USPS Bites Back at Affordable Mail Alliance
Calls group's pricing protest 'strained,' 'fatally flawed' and ignorant.
The USPS is taking a hard line against a pricing protest issued late July by the Affordable Mail Alliance, a coalition of hundreds of businesses including magazine publishers and trade associations. The Postal Service Monday asked the Postal Regulatory Commission (PRC) to deny the coalition’s motion to dismiss the USPS’ proposed exigent rate hike.
In early July the USPS filed for a price hike with the PRC, offering its case for the "exceptional and extraordinary circumstances" that allow for the USPS to seek pricing above the .6 percent Consumer Price Index cap. That could force rates for periodicals mailers up by as much as 8 percent.
Publishers and associated groups quickly struck back, forming the Affordable Mail Alliance and issuing a 96-page motion against the price increase.
On Monday, the USPS issued its own strongly worded statement to the PRC, saying the AMA made "manifestly misleading comparisons" and called the coalition’s interpretation of existing law "fatally flawed."
Specifically, the USPS defended itself against "mistakes, misrepresentations and misinformation" it says were issued by the AMA.
The USPS feels it has proven "extraordinary circumstances" that meet the definition of the law, summoning as exhibit A "the worst recession since the Great Depression." Further, the USPS says it can’t simply suspend employee benefits and payments due to union representation—and that the AMA knows this.
The USPS also feels that the AMA has mistakenly compared it to a private sector company, ignoring its "unique constraints" such as its inability to pursue the types of cost-cutting efforts its competitors are able to do. "These companies raised rates, increased surcharges, adjusted service levels and stopped payments into 401k plans. These are either not options or require regulator approval for the Postal Service," said the USPS in a statement.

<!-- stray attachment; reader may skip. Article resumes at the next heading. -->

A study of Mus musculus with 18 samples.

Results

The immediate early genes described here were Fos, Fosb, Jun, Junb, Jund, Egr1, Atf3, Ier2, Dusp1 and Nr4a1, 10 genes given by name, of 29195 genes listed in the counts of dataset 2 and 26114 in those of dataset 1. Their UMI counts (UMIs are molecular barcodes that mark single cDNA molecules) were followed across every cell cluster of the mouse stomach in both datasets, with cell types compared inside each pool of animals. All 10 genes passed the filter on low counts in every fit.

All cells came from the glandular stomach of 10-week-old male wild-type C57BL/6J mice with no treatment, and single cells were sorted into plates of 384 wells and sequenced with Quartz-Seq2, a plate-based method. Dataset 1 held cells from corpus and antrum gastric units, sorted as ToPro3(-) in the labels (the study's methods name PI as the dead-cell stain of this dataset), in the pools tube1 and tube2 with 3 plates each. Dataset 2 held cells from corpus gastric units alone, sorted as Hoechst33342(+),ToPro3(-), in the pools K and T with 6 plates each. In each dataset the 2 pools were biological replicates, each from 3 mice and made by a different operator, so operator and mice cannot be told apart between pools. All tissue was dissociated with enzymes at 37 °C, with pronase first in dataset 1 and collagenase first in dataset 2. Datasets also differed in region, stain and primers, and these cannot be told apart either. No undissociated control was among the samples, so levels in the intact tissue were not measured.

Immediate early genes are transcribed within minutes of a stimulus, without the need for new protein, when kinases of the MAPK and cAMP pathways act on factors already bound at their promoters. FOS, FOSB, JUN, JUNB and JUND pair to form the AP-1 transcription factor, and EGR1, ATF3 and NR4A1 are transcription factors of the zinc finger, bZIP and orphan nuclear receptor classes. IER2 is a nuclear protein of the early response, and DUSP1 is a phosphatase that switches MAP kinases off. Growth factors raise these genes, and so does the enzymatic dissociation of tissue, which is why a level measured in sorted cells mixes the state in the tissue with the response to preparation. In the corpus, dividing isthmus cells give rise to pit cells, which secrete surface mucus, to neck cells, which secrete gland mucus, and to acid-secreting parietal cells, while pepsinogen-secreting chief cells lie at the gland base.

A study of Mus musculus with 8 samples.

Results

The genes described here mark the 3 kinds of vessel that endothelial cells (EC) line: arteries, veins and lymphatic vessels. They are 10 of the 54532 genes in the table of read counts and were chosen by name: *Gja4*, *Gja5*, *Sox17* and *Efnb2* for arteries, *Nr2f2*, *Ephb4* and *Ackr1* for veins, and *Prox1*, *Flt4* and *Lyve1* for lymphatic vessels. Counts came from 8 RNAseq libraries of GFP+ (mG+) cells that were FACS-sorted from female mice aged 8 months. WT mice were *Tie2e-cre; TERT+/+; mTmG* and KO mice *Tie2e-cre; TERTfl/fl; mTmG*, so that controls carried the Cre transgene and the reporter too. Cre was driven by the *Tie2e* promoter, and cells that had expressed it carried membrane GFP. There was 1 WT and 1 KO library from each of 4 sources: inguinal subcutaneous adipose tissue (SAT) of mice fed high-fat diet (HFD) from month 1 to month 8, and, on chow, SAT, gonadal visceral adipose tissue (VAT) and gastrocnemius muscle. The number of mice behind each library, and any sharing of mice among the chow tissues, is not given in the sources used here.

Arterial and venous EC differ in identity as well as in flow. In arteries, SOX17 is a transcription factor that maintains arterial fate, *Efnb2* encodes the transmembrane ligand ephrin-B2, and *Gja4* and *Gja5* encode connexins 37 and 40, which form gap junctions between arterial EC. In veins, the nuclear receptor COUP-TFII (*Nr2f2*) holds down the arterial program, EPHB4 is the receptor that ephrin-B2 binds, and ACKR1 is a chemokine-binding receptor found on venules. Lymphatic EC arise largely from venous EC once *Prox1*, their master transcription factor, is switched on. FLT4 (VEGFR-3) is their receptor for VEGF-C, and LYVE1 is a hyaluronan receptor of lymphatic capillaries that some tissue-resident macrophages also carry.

Lastly, the USPS believes it has indeed run the organization in a fiscally responsible way, citing $1 billion per year cost savings since 2001. The USPS goes on to say that the AMA’s motion "quickly collapses into a pastiche of selective memory, misunderstanding, and misrepresentations, leavened with a healthy dose of willful ignorance of the legal and political context in which the Postal Service operates."
In response to the USPS, AMA released a statement from Senator Susan Collins (R-ME), ranking Republican member of the Homeland Security and Governmental Affairs Committee and co-author of the 2006 Postal Accountability and Enhancement Act (PAEA). It seems there is some argument in the interpretation of the law and what is grounds for "extraordinary circumstances."
"I have repeatedly expressed my concerns to the Postal Service that reducing service and increasing rates are not the means to raise mail volume and restore fiscal balance," says Collins in her statement. "As the author of the PAEA, I can unequivocally state that the law does not provide for an exigent rate case based merely on poor economic circumstances or on increased utilization of electronic or other alternatives to traditional mail. Neither of these circumstances is exceptional nor extraordinary as required by law."